Parents and students at Secord Public School have had enough.
That is the message they want the Toronto District School Board (TDSB) to hear, understand and act on, as conditions at the school are deteriorating and the funding to address the issue does not seem to be a priority.
$70 million in funding was frozen after the province showed concern on how the money was being spent. Sheila Cary-Meagher, Ward 16 School Trustee, is disappointed that the funding was frozen and blames it on “micro-management.
“Although I will acknowledge we have some problems, the difference between $70 million and zero is significant,” said Cary-Meagher.
Recently, the province allowed a portion of the money to be spent on renovations in some schools such as Earl Haig and Swansea – but none was directed to Secord or its neighbouring schools.
Secord, along with Parkside, DA Morrison, George Webster and Crescent Town, are feeling the effects of a growing population, implementation of full-day kindergarten, and decaying facilities. Crescent Town now sends fifth graders to George Webster because it has no room for them. Dozens of portables are now the permanent classrooms for many students in these schools.
That inspired the parents to mobilize, and on Jan. 28 they gathered at Secord to make the community aware of their needs and collected signatures for a petition urging TDSB to put the schools on a priority list.
“The great thing is that all five schools are working together. They’re not elbowing each other out…they’re saying ‘we are a neighbourhood, we need help, and we need you to pay attention’,” said Cary-Meagher.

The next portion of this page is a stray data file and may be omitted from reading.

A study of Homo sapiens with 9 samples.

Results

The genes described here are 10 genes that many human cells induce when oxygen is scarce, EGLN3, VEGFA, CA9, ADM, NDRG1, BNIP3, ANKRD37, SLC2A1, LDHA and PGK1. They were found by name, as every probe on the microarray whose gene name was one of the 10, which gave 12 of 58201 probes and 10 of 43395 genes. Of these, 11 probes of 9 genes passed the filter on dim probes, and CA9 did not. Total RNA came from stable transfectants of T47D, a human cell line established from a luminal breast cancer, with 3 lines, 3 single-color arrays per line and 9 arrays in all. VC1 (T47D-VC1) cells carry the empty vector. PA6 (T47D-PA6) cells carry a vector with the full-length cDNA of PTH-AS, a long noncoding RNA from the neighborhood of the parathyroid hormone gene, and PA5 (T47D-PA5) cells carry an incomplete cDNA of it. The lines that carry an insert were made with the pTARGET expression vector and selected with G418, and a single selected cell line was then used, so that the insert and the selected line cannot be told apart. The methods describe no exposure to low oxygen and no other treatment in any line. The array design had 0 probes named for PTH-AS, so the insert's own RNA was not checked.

Beaches-East York MPP Michael Prue underlined the importance to put pressure on TDSB to put the funding requirements on the agenda. He explains that without it being a priority of TDSB, he is not able to “fight for it” at the provincial level.
“This is a needs community. The schools are bursting at the seams and it’s time we rebuild them,” said Prue.
Peter Saros, a parent at Secord and also co-chair of the Parent Council, explained that there is no room in the school for any programs.
“The portables here are 20 years old and we’re running 14 classes out of them…we have a food and nutrition program and we don’t even have a kitchen,” he said.
“The school is running down, everything is falling apart. They need to upgrade, and not put portables,” said Mandy Pastuch, a parent of two children who attend Secord.
Parents and community members attended a TDSB committee meeting on Jan. 30 to express their concerns to trustees, and demand a resolution that is best for the children in this East End neighbourhood.